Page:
A Skier in the Border Zone

from Patagonia Heart of Winter Catalog, 2011

 

“Always have a cheerful attitude.” This is the first piece of advice offered by the roadside sign on the way up the Khardung La, a 17,582-foot pass in the northern Indian region of Ladakh. As I scan farther down the list, number four gives me pause: “Please don’t exert too much.” Opportunities for exertion are exactly what I’m after: My plan is to grab my telemark gear from under my bus seat and carve down the steep north face of the Khardung, which India claims is the highest motorable pass in the world.

Our bus – carrying a dozen high school students from Vermont on a study abroad program, our guide and good friend Tashi Wangchuk, our stoic driver, two fellow teachers and me – reaches the height of land. Sizing up my line from the edge of the road, I decide to drop into the untouched powder right behind the aromatic men’s latrines. (Ah, India, as the travel writers are wont to say, land of contrasts.)

Tashi, who’s normally a small, concentrated mass of resourceful calm, is radiating concern. But a recent spate of sunny weather, a quick pit, shear tests and a ski cut all suggest a stable snowpack. When I explain my risk analysis to him, he seems satisfied, even a little excited – he doesn’t think anyone has ever skied the Khardung.

By now a cluster of Indian soldiers has gathered outside their barrel-shaped tin hut. They’re here because we’re not far from disputed borders in multiple directions, and this road is the main supply route to the Siachen Glacier, the world’s highest battleground, where India and Pakistan have been lobbing shells at each other for the past 20-odd years. I figure at some point they will come over to inspect me, but it’s fiercely cold and they keep their distance, shivering and staring.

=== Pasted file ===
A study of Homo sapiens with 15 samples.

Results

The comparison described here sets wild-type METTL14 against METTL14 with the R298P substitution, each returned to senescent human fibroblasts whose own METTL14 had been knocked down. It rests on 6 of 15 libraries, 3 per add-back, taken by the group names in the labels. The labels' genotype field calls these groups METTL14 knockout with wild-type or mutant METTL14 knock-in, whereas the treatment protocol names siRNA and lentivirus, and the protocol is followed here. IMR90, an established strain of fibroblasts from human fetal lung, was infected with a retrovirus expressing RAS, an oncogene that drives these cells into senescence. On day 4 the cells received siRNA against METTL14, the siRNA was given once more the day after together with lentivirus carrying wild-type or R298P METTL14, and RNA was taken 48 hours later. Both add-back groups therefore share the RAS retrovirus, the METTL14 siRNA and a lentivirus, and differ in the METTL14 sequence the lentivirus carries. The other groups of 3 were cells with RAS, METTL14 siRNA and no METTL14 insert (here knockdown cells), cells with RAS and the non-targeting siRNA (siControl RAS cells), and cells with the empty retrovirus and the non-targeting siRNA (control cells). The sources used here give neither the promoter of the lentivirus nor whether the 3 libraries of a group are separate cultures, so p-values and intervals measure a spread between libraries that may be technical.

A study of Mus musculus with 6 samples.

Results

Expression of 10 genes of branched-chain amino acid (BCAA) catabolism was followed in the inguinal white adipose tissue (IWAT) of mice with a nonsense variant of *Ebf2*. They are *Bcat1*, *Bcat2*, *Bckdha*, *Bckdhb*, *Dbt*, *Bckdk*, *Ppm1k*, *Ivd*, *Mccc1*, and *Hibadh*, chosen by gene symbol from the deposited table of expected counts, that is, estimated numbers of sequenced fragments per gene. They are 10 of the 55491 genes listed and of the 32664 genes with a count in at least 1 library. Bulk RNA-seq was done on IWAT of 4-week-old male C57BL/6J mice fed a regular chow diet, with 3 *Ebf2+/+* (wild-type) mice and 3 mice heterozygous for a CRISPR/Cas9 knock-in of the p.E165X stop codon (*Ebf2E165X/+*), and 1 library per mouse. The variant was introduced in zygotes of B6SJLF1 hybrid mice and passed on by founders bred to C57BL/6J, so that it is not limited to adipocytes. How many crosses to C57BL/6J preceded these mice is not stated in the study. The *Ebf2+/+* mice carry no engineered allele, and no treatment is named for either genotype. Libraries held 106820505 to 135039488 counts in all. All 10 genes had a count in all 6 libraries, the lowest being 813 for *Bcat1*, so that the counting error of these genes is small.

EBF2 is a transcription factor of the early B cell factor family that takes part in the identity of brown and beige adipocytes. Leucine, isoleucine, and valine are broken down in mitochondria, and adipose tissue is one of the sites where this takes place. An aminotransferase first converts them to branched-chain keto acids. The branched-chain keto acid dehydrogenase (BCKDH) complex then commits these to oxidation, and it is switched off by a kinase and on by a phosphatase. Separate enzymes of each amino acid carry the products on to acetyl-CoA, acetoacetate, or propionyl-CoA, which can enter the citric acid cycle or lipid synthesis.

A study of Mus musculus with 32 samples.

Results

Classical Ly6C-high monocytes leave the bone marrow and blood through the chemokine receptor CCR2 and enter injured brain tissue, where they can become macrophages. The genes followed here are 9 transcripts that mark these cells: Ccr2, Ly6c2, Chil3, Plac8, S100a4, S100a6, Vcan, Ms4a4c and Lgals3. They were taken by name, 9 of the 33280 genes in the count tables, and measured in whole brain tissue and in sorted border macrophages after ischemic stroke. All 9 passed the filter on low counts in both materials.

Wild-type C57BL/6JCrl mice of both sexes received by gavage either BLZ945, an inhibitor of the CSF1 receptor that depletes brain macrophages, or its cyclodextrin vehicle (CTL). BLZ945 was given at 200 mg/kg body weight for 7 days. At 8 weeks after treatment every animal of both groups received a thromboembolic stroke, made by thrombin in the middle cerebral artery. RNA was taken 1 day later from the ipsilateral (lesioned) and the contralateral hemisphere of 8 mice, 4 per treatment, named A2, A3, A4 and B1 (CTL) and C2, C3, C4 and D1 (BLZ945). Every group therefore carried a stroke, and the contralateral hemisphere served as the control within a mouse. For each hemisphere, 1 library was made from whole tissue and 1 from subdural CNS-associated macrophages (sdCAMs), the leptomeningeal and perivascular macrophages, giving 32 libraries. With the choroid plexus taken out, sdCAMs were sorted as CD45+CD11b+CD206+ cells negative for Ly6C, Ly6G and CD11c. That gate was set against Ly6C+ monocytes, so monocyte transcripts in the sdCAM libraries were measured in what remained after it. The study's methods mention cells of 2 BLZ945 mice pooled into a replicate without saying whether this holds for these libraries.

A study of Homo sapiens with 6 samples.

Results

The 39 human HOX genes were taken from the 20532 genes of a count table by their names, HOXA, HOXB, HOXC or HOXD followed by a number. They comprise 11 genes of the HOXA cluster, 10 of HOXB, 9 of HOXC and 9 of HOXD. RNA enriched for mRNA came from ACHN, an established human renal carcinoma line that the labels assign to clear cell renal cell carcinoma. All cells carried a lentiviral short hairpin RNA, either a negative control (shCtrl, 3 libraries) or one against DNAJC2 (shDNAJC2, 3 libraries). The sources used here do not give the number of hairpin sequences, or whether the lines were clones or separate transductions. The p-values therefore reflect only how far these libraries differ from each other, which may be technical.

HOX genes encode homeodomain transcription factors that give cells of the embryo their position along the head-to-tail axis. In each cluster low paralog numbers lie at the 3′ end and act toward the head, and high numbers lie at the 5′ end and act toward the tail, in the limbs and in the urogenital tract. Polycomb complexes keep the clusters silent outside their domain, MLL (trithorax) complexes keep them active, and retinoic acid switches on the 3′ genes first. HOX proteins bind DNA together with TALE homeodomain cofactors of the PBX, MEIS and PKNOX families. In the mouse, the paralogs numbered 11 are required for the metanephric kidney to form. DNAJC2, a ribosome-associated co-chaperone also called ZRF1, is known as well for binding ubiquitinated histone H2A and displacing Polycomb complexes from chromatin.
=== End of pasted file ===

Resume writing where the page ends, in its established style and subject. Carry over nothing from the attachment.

Interpreting their reticence as a green light, I make my first jump turn into the unknown. After a few clumsy arcs in sloughing snow, I catch an edge and go head over tips. I get up, dust myself off, and plunge onward to dimly receding shouts from above. Powder smoke blows past my face, and my lungs scream for oxygen. Schizophrenically sitting back on my tails and then throwing my weight forward, I try to make peace with the gods of the snowpack, with their alternating drifts and breakable crust. My mind goes blank, my legs pump up and down in time with the terrain, the gears of the universe click briefly into sync. The peripheries of my awareness soak up the splendor of the towering Karakoram across the valley. I pull up at the base of the slope, lungs on fire, but all is right with the world.

Leaning over my poles, I hear muffled shouts between my gasps. Up on the pass, the tiny knot of soldiers is frantically waving and yelling in my direction. For a panicked moment I think, I’m in a minefield. I look around, half-expecting a helicopter to swoop down on me – the unidentified ski-mounted interloper in highly militarized terrain.

As my breathing slows, I listen more closely. “Wah! Wah!” the men bellow in the universal Indian cry of enthusiastic approval. Their shouts and wild gestures are expressions of excitement. Relieved, I wave and push off, gliding across plateaus, linking turns down intermittently steep pitches, all the way down to the next military camp, where I come to a stop behind some mud-stained tents, sweating buckets and grinning like a fool.

At the same moment my bus pulls up, and Tashi leaps out beaming. Three dozen perplexed-looking recruits, on their way to the perilous Siachen, stand in formation nearby. I simply point to the distant pass and then to my skis, and a few of them break into boyish smiles.